Panarc's Media Coverage Analysis service
a personal historical note from Paul Georgiou,
founder and MD of Panarc International
In 1978, after several years working as marketing manager and board member of Visnews (now Reuters TV), it struck me that there must be a better way of exercising editorial judgement than relying on the gut instinct of an editor-in-chief. Surely, with the advent of relatively cheap computer processing power, it must be possible to evaluate the content of media coverage in a more systematic and objective manner.
The idea of media coverage analysis was born.
I took the concept to the board of Visnews but they decided that, although an interesting idea, it was not commercially viable.
Undeterred, I decided to end my life as an employee and to set up my own business. For five years I lived on freelance consultancy work, all the while promoting (unsuccessfully) the idea of media coverage analysis. It seemed Visnews was right. Until I managed to persuade a foreign government that they needed to know what the Western media (television, radio and the press) were saying about their country and the main issues in which it was involved. I signed a contract for one year. The contract ran for 20 years. Other contracts with the government of half a dozen other foreign countries followed.
As a devout believer in second strings, after two or three years, I thought we should start selling the idea to UK companies. Surely they needed to know what the media were doing to them and to their brands.
Our first client was British Gas, closely followed by BT. These were for us the golden years. There was no competition - a perfect but inevitably transient marketing scenario.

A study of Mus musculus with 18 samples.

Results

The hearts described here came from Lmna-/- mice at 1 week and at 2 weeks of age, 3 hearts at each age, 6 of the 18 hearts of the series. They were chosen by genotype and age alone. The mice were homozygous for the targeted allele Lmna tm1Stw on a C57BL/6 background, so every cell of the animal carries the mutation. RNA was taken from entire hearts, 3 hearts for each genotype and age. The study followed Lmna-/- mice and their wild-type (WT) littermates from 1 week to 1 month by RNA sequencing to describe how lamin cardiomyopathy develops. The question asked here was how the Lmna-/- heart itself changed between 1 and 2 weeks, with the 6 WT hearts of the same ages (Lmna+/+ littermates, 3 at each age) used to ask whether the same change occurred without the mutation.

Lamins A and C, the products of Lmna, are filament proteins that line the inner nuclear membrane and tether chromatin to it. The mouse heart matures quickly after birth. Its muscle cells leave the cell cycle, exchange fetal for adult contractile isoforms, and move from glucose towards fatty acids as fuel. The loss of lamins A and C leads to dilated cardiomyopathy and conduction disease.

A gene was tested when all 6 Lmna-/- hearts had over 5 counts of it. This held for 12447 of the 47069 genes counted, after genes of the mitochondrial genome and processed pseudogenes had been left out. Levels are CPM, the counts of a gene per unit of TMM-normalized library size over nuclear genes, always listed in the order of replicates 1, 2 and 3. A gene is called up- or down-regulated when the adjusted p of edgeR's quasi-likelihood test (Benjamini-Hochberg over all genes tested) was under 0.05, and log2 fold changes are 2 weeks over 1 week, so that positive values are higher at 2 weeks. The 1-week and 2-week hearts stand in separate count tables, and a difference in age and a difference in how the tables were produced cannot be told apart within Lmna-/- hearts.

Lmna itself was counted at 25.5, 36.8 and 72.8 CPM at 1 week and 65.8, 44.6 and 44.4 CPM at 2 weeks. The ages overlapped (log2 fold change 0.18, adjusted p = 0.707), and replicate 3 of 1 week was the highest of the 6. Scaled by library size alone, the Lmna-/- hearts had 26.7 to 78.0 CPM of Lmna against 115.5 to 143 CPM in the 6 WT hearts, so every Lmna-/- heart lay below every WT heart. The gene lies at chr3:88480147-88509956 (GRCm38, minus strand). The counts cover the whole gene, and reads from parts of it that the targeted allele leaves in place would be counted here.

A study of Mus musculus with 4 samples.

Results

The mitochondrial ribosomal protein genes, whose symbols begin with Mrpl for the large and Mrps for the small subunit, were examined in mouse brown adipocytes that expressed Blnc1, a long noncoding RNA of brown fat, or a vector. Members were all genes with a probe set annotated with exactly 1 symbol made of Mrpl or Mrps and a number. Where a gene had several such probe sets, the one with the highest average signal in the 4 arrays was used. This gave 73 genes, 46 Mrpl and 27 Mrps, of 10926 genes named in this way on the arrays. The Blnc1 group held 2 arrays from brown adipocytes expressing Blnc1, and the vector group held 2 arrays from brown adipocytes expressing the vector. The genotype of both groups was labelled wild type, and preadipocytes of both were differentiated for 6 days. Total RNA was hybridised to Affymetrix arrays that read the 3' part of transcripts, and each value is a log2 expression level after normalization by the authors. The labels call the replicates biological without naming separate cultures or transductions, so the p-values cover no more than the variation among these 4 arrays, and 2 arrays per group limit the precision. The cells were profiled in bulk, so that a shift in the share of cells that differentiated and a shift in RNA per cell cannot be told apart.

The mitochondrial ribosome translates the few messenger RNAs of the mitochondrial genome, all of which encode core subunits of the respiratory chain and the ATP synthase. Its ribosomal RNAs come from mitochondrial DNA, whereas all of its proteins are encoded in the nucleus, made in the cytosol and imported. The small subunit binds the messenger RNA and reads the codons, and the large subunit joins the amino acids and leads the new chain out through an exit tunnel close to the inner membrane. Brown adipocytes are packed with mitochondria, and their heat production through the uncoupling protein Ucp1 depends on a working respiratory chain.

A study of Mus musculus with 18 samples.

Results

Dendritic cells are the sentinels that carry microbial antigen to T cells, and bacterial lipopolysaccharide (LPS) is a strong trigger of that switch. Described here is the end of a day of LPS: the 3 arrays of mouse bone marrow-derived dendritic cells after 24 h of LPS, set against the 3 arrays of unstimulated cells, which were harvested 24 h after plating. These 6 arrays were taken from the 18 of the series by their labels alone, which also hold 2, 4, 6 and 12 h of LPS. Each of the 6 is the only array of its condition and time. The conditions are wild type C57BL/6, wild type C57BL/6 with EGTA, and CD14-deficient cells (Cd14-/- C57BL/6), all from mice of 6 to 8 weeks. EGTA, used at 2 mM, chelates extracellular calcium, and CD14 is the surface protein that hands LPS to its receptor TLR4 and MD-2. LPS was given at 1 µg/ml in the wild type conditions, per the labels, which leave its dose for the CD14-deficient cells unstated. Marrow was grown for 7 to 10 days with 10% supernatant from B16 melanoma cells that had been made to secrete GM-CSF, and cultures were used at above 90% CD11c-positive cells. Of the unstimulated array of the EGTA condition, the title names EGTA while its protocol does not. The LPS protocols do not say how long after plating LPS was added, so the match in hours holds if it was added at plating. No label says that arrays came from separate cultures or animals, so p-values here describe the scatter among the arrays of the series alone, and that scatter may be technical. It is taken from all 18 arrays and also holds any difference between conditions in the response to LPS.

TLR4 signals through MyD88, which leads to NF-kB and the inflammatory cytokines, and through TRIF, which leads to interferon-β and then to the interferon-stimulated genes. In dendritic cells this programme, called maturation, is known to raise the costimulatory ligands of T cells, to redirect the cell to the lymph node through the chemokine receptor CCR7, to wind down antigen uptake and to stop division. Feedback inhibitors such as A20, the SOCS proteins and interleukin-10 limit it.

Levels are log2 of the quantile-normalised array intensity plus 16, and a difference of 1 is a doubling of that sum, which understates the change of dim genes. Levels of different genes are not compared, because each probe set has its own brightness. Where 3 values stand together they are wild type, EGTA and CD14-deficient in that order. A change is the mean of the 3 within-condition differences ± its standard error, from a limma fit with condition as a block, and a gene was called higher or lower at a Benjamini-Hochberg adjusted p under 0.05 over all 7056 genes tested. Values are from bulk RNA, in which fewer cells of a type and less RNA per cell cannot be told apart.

After two or three years, the competition arrived. Happily the market expanded. Banks, charities, telecoms companies and, especially, the BBC kept us busy.
Then we managed to realise our original goal. We sold the service to the UK government. The British Government, under Tony Blair, was highly sensitive to how the media treated them. Panarc ended up working for most of the major UK Government departments, producing analytical reports which identified the key issues and assessed the likely effect of the coverage on the audiences it reached.
For a list of Panarc's clients for MCA, click here.
The business evolved. It became a key service for public relations departments which seized on it as a means of quantifying the reach and likely effect of their efforts to influence the media, a narrower objective than the one on which our service was based. Today, MCA is known as media evaluation. It is now an established professional management information service for PR departments, both in the UK and abroad.